Keep calm and communicate
The very ubiquitous “keep calm and communicate” was really not put to use during World War II as there never really emerged a need for it. Winston Churchill and his Ministry of Information, however, used a lot of other very effective communication tools that came to be collectively known as British Propaganda during WW2.
Winston Churchill had a vision which was Freedom, Peace and Economic Progress for Britain. Every organization has a vision and a purpose for existence. Making this into a shared vision inspiring the rank and file would be the purpose of any leader and his communication strategy. The British leadership knew the importance of communication and shared vision so much so that “The Ministry of Information” was formed exactly a day after Britain declared war on 4th September 1939 with a mission to “present the national case to the public at home and abroad”.
Existing media was effectively used to reach out to citizens in every nook and corner of the country. The Ministry of Information funded movie producers and the messaging was suited to the existing conditions. Before 1941, the movies were focused on “the real evil” perpetrated by the Axis and German brutality, this strengthened the will to continue the struggle. By 1942, when the threat of invasion was gone, the messaging changed to evoke sympathy for fellow humans as a cause to continue the fight.
Posters were used to send multiple messages from time to time. These were targeted messages appealing to different sections of citizenry and creating in them a sense of purpose as to how they could contribute to the war. Posters inspired housewives to join the factories, parents to evacuate children from high threat zones, appealed to officers to avoid careless talks, and in general posters that vilified the Axis of evil. Every citizen had a part to play and knew exactly what was required of him to achieve that lofty vision set out by his leader. Communication of an organization’s vision is key to getting people onboard the journey. What is even more important is to tell them how they can contribute to this purpose. It is, therefore, imperative not just to have specific individual goals but also tie them to the organizational vision and strategy.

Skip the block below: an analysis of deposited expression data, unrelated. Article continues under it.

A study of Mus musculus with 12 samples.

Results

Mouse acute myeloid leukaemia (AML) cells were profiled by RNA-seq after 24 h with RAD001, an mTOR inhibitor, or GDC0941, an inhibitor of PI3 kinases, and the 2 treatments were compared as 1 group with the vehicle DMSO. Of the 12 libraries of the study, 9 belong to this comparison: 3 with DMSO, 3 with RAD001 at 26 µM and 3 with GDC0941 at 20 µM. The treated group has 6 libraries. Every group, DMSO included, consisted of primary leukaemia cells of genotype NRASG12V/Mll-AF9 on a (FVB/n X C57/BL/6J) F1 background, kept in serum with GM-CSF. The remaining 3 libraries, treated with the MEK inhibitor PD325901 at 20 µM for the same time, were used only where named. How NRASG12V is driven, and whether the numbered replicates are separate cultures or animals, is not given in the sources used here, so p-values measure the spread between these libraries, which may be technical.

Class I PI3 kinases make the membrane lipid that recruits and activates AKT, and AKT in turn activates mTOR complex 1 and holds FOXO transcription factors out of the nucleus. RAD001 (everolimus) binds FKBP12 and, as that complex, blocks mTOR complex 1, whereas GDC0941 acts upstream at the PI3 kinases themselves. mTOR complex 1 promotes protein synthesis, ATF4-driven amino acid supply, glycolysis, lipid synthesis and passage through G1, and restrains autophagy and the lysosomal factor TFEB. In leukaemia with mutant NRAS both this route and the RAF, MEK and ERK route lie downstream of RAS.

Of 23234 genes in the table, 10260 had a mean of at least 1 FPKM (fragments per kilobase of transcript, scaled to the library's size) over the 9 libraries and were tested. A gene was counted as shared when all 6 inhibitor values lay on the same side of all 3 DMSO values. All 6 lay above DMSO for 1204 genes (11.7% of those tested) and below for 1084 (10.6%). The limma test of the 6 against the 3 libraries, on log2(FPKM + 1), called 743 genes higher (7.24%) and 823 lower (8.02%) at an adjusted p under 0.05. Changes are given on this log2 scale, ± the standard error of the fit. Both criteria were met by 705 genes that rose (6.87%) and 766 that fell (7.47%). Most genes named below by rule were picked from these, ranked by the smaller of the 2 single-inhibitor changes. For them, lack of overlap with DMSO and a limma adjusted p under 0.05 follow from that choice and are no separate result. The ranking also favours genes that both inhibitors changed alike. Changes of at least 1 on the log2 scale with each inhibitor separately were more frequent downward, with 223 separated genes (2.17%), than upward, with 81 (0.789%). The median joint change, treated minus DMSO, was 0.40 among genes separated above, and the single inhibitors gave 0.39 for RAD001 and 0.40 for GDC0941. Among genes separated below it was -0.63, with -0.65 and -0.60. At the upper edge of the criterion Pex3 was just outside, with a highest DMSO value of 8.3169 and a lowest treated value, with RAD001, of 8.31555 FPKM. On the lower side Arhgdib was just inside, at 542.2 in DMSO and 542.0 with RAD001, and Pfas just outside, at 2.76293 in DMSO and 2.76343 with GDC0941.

Winston Churchill’s radio speeches are the stuff of legend and need no elaboration; they appealed to the people to contribute in every way possible. He ensured that every situation whether beneficial or disadvantageous to the British cause was communicated, the former with a touch of pride and the latter to evoke sympathy. Achieving milestones, big wins, small losses and learnings from them, great product releases, beautiful customer reviews etc take organizations one step closer to their vision. Communicating these keeps the sense of purpose alive
A lot of organizations create vision statements, the difference between the ones that achieve them and the ones that don’t is how a leader’s vision is espoused by every member of the organization. Drilling down the vision to key actionables through an individual’s goals and ensuring that individuals stay the course through regular and timely feedback is of paramount importance. Oh! And let’s not forget to celebrate those small successes that make all the effort worth it!